University of Texas media relations
When Fred Garrett was growing up in Kansas in the 1940s, his schoolteacher parents worked hard to make a living in the public school system, setting an example that would shape his life.
Dr. Garrett’s father worked as a principal at Woodrow Wilson Elementary School, while his mom worked in the math department at what is now Kansas State University. Garrett graduated from Manhattan High School in Dec. 1953.
Now, 76-year-old Fred Garrett, DDS, MS, is a board-certified orthodontist and clinical professor at The University of Texas School of Dentistry at Houston, where he and his wife, Dianne, have established the first endowed chair in the school’s 107-year history. The school is part of The University of Texas Health Science Center at Houston (UTHealth).
Representing a $500,000 commitment, the Fred A. and Dianne F. Garrett Endowed Chair in Orthodontics is dedicated to Fred’s parents, Frank A. and Rosa Lee Garrett, “and all the other educators who, through their personal sacrifices, provided me with an education and the guidance to become a successful orthodontist,” Fred Garrett wrote into the documents establishing the gift.
When awarded, the funds will be used at the discretion of the department chair to enhance the Department of Orthodontics in ways not otherwise funded by UTHealth School of Dentistry, such as student travel to educational events, giving the department chair “a way to make everything run smoothly when times are down,” Garrett said. “It will help the chair maintain the quality you want to have.”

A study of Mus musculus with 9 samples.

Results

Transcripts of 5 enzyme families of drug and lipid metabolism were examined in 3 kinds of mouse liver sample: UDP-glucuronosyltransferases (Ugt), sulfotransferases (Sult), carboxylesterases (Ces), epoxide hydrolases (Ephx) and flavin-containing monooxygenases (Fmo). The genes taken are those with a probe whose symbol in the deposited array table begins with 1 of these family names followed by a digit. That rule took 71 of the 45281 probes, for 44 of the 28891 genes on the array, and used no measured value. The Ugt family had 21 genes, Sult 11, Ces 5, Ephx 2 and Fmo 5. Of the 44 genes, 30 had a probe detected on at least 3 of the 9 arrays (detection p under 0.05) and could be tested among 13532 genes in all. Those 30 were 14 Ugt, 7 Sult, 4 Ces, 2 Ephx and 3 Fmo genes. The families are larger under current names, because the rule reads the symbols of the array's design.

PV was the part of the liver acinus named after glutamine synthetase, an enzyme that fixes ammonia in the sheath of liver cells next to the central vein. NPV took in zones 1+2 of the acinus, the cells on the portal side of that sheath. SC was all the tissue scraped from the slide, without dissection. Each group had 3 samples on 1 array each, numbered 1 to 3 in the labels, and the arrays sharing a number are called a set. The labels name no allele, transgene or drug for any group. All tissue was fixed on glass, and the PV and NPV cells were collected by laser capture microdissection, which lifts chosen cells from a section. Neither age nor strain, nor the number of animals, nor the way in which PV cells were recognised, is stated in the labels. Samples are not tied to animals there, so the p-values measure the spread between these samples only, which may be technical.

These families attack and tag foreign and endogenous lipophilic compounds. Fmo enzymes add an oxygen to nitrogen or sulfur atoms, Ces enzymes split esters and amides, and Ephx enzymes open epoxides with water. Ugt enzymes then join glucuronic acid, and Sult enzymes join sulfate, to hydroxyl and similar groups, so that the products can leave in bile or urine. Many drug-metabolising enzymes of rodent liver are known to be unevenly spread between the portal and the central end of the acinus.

Garrett has been on the School of Dentistry faculty since 1968, teaching one day a week while maintaining a practice in Sugar Land. He graduated magna cum laude from Washington University School of Dentistry in St. Louis, Mo. in 1958, returning for a master of science degree in orthodontics in 1963. In between, he served three years in the U.S. Navy Dental Corps in Hawaii, where he met Dianne on a blind date. They’ve now been married more than 50 years.
“I’ve been here so long, people assume I’m a graduate,” said Garrett, whose actual alma mater - once known as the oldest dental school west of Mississippi - closed in 1991. “This endowed chair is the first ever funded at this school. I hope this will encourage others to step up.”
Garrett is a Fellow of the American College of Dentists and the International College of Dentists. He is a member of Omicron Kappa Upsilon National Dental Honor Society and was Washington University’s Orthodontic Alumni Association’s Distinguished Alumnus of 1984.
He is a past president of the Southwestern Society of Orthodontists and was honored with their Martin E. Dewey Memorial Award for service to the specialty. He is also a recipient of the American Association of Orthodontists’ James E. Brophy Award for national service. Garrett has served 18 years on the American Association of Orthodontists Foundation Board and is their current national campaign chairman. He will receive the Eugene and Pauline Blair Distinguished Service Award at the AAOF’s annual meeting in May 2012.
At the UTHealth School of Dentistry, he has twice served as interim chair or program director of the Department of Orthodontics, and he was presented the department’s Yellen-Schoverling Award in 1995.
With the closing of Washington University’s dental school, Garrett expanded his loyalty to UTHealth. “I’ve really, truly adopted Texas, and they’ve adopted me,” he said.
He and Dianne hope their history-making gift will inspire others to consider supporting education at the School of Dentistry.
“Education is at the heart of every profession,” he said, “so I dedicate this endowment to my parents and all the other educators who, through their personal sacrifices, provided me with an education and the guidance to become a successful orthodontist.”